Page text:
Glenda has been a member of the Australian Myasthenia Association of NSW for many years. Her experience with Myasthenia is set out below.
“Hi, my name is Glenda Bidner, I have now had Myasthenia Gravis for 42 years. What you are about to read is my first 5 years with this disease.
My trouble started when I was about 17 years old, not long after leaving school. I first noticed, one night whilst trying to knit, that my fingers went a bit numb. Not long after this, whilst trying to board a bus to go to work, I just collapsed. It was like my legs weren’t there. I had noticed a few days earlier that my legs were tired and heavy in the morning, but I put no importance to this.
A doctor I saw that day, and he said that I was anaemic and put me on iron tablets. A few days later, the same thing happened again. I was then sent to a Neurologist, who after running a few test, said that I was quite normal and healthy and to go home and forget about it. However I started to collapse more often, and by this time I was getting really scared of buses as I could see myself falling every time I went to board one.
I started to walk to work to avoid the problem with the bus. However, this also became a problem as I would get really tired in the legs, and would often fall just trying to walk up a gutter. I would often have to be driven home by some kind soul. I was then sent to a second Neurologist who also said I was all right and that nothing was wrong.
Now after two professional opinions, it was thought to be psychological and I was sent to a Psychiatrist. As I was in a car accident just before this all started, it was thought to be all a nervous reaction.
The first Psychiatrist was in Sydney and we had to travel from Wollongong every few weeks for about 8 or so months. I then started seeing a Psychiatrist in Wollongong. I was under his care for 2 or more years. I continually got worse, telling him all the time of every new symptom. By this time, I had double vision, my speech was slurry, I would try to play squash but would fall over, and I could not walk long distances without assistance and normally would stumble and fall. I could not walk up steps I’d fall down and really hurt myself. I could no longer do my own hair because I couldn’t hold my arms above my head. I was having trouble chewing and swallowing, so I would go for a couple of days eating barely enough to keep a sparrow alive. I would also choke and get a lump in my throat when I tried to eat. I lost about 16 kilos and was looking quite sickly. I could not smile or even keep my eyes open for very long. A hot shower would make me very weak and I would often collapse not long after. I could not dress myself and would often fall over just trying to pick something up from the floor. I would only have to lift my leg to get in the shower or get in the car and would fall over backwards. I was becoming a nervous wreck and could not understand why all this was happening to me.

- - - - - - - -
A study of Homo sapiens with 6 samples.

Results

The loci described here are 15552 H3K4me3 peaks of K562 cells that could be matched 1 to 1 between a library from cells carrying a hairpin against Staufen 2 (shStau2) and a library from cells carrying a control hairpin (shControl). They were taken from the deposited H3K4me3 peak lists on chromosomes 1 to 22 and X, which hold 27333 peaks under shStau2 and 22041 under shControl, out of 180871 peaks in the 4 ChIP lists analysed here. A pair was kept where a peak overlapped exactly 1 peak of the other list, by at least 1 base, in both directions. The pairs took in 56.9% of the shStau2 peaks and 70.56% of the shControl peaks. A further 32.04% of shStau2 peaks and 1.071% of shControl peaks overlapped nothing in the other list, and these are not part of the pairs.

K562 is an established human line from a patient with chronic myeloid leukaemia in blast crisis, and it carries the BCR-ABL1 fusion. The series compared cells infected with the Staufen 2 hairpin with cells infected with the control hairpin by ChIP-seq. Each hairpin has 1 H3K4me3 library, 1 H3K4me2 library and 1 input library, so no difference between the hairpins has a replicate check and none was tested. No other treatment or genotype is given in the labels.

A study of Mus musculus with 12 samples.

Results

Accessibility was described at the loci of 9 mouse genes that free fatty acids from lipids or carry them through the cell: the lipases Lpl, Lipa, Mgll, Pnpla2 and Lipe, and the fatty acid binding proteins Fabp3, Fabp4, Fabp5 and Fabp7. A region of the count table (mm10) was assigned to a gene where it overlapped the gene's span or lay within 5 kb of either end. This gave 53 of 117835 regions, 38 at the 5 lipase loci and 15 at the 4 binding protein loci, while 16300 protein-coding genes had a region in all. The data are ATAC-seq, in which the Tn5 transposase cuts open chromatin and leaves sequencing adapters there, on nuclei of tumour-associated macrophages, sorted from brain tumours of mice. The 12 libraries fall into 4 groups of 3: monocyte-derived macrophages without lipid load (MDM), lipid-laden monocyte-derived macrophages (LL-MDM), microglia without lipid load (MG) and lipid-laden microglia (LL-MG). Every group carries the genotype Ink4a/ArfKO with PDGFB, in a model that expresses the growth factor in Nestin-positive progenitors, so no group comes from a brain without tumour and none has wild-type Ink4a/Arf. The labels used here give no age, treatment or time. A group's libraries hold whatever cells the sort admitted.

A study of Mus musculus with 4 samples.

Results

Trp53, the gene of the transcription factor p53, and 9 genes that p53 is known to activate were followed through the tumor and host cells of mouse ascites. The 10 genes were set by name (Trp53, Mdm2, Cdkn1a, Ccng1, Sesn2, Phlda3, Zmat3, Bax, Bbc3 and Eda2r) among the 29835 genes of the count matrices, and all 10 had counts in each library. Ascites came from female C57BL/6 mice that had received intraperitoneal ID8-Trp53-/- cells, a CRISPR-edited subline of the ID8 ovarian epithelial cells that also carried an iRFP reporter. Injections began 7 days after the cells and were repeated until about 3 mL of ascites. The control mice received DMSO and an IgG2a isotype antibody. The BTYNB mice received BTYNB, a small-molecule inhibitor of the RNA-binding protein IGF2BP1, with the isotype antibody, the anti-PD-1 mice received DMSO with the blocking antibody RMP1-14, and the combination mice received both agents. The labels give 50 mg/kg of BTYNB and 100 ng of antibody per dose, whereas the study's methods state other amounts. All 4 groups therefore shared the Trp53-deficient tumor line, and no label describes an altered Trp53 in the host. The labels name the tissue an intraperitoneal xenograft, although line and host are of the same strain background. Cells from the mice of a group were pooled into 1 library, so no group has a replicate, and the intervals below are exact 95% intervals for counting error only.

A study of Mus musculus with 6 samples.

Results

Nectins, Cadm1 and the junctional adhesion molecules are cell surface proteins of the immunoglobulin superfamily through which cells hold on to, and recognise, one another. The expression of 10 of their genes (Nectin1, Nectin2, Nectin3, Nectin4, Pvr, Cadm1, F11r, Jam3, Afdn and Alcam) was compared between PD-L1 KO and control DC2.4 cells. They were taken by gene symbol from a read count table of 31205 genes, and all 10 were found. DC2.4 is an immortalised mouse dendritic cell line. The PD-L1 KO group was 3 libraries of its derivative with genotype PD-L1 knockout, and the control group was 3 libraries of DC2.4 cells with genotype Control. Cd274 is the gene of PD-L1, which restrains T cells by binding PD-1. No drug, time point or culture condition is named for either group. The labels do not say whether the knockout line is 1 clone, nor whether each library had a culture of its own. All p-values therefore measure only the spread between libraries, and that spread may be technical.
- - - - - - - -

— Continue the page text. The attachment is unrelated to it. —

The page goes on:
The Psychiatrist said I was doing all of this to myself that I was putting it all on for attention.
Also during this time I tried other things to try and find out why I was sick. I saw a Naturopath, a Chiropractor, and even tried Hypnosis and Acupuncture – all to no avail.
We then asked the Psychiatrist to run more tests to see if something would show up. He agreed, but we didn’t know until we got to the hospital that he was putting me in the Psychiatric Ward. All they did in this ward was give me huge amounts of Tranquillisers and Anti-depressants, which gave me a lot of trouble with swallowing. I was like a walking zombie, and wanted to sleep all day. This was supposed to make me forget my problems, but only added to them! I cried a lot in this place, and promised to be good so they would let me go home. That night I had a really bad attack with my breathing and an Ambulance had to be called. When they arrived I had collapsed on the floor and stopped breathing and had to be revived. This was terrifying for my family and me. The Ambulance driver said I was on enough medication to knock out a horse, and should talk to the Doctors at the hospital to which I was rushed for an examination.
The Hospital was not much help. The Doctor said he still thought it was all nerves and to go back to my Psychiatrist. This I didn’t do. I got married 3 months later, even though my Psychiatrist had told my parents that I was too mentally ill for marriage when they had discussed it with him before. We had quite a small wedding, as I was so sick.
I was not seeing any Doctors at this stage, as I was sick and tired of being told there was nothing wrong with me. I was trying to do everything around the house that I could but it was very difficult when I was so weak. I battled on as best I could with the washing, ironing, cooking and cleaning. I continued like this for about a year and then I got so bad that I could not even get out of bed and dress myself. I was so sick that I could not be left alone and had to go to my parents’ house in the afternoon to be looked after when my husband went to work. One afternoon I was really bad and could barely sit up in bed. I had trouble breathing. It was then that my mother arranged an appointment for the following morning with a new Doctor near us.
I had to be helped into the surgery. The Doctor was astonished when he saw me, and made an appointment with a 3rd Neurologist the next day. I didn’t want to go but did so just to please everyone. I’m so glad I did – as it was this Doctor, having asked a lot of questions and carried out a Tensilon Test, who finally put a name to my problem.
After nearly 5 years of searching, I finally found out that I was not nuts as everyone thought. I had a disease called Myasthenia Gravis.
I hope that telling this bit of my history, I may help someone else.”